Neuroplasticity: the ability to restructure your brain at (with) will
UCLA neuroscientist Dr. Don Vaughn explains the concept of neuroplasticity which states that our brain changes in structure as we learn and acquire new habits. According to the TEDx speaker, through the action of willpower, one may intelligently rewire one’s brain and forge novel mannerisms.
Stanford graduate, Dr. Vaughn discusses real-time neurofeedback as one of the protocols being currently studied to assist patients in achieving proper cerebral rewiring. Through this process, while their brain is scanned, patients are shown images that specifically trigger their urge/want system (ex: pictures of cocaine to a cocaine addict) and are tasked to use their willpower to control and reduce the effects of said images. Dr. Vaughn states that such procedure could be useful as a clinical or rehabilitation treatment.
Grit as cerebral rewiring tool
Dr. Don Vaughn, whose research has been featured on ABC, ESPN and Time Magazine, asserts that grit and fortitude are tools one may use to naturally induce one’s neurological rewiring. However, as not all individuals possess the level of willpower needed to successfully reshape their cerebral patterns, researchers focus on determining which protocol – ex.: interventional therapy, neurofeedback – is best to support each individual. Dr. Vaughn also offers simple solutions for those who fear they do not have the necessary grit to still modify their negative habits or addictions.
“The difference between gold and silver, it’s not muscles. It’s your brain. It’s, in that moment, being able to tune out all the negative thoughts that we stack up in our brain and focus on what there is to do.”
– Dr. Don Vaughn, phD
The Harley-Davidson experiment
Dr. Don Vaughn lead a team of researchers from UCLA’s Semel Institute for Neuroscience and Human Behavior in studying the potential stress relief provided by motorcycle riding. Funded by Harley-Davidson, the study showed that focusing on the road for a certain amount of time allowed riders to mentally replenish, i.e. to shift focus away from their everyday problems. Extrapolating the experiment to elite athletes – specifically, on X-Games champion Scotty James – Dr. Vaughn found that top performers had the ability to clear out all distractions while they are competing and generate total focus on what they had to perform. Accordingly, he strongly suggests people find their own mental replenishment routine, whether it is hiking, riding, tennis, or any other stress-relieving activity.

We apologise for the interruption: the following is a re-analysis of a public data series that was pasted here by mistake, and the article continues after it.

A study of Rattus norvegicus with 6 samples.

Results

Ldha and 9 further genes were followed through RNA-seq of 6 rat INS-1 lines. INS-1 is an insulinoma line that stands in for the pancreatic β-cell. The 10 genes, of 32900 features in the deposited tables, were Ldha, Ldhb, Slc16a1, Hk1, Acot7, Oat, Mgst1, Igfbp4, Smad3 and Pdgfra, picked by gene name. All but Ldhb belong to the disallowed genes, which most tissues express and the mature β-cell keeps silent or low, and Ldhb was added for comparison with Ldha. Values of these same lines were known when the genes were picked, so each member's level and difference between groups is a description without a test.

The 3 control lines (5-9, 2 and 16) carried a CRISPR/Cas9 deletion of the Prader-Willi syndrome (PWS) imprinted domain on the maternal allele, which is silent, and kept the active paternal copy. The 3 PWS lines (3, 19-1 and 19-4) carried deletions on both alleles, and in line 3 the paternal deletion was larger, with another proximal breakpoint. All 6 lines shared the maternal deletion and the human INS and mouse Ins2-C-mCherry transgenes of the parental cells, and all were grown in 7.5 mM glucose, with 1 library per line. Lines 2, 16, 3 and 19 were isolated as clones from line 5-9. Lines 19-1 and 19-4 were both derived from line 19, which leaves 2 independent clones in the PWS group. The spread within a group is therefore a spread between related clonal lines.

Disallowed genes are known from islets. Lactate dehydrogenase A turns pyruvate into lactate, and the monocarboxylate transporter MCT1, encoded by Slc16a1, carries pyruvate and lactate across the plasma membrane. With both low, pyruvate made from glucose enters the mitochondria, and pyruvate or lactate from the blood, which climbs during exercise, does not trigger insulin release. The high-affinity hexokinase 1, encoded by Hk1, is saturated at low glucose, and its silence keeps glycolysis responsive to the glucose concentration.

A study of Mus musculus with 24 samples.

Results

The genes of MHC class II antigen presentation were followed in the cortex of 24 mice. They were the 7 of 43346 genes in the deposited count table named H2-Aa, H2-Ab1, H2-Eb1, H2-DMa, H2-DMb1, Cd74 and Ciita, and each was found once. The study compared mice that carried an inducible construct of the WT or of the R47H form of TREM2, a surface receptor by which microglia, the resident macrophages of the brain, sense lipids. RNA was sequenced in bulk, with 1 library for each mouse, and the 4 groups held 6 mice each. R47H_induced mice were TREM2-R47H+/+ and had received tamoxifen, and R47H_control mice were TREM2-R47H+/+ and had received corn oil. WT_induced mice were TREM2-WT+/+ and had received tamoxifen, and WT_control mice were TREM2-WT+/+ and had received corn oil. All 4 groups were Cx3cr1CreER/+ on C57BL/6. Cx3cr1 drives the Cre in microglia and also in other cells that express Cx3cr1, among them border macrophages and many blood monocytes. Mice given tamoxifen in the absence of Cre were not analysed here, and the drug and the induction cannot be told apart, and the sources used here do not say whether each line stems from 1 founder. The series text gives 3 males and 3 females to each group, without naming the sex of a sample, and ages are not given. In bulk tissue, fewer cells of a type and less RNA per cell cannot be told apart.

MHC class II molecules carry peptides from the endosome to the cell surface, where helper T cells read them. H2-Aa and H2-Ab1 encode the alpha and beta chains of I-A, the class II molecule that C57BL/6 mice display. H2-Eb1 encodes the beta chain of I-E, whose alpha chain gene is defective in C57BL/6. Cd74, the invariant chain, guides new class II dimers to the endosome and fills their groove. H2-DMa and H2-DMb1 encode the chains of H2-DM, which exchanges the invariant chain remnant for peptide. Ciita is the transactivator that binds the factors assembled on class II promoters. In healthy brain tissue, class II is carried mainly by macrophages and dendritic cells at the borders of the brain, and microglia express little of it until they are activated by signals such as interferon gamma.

3 mental preparation tips to enhance your performance
#1 | Sensei says: “Don’t think about it”
In order to perform to the highest level, Dr. Vaughn suggests that you should eliminate exterior demands and develop a strong training routine so that, come performance day, you do not have to think about what’s to be done. Hence, keeping your conscient brain functions to the minimum required while performing, as you should compete on “auto-pilot”. Per example, an OCR competitor should not be thinking about doing the rope climb while on the rope, but just be crushing it… automatically.
#2 | Sensei says: “Lean on your community”
In times where you feel like quitting any endeavour, the support from your community might make the difference, Dr. Vaughn suggests. Especially with a tight community like in OCR, other racers’ behaviour towards you – a smile, a tap on the back, a word of encouragement – is positive information that you treat in real-time, which helps overcoming your current hardship.
#3 | Sensei says: “Control your early warning system”
With great passion, Dr. Vaughn explains how our brain stem has a primitive area which role is to alert us on possible dangers (ex.: lacking oxygen or energy to perform). These early warning messages sent by our brain need to be controlled, as – in reality – the body can survive/perform for much longer than we think. Successful athletes have mastered these early warnings: they have trained their mind and body to go beyond these premature signals. They have, in fact, progressively rewired themselves to push their bodies harder and further.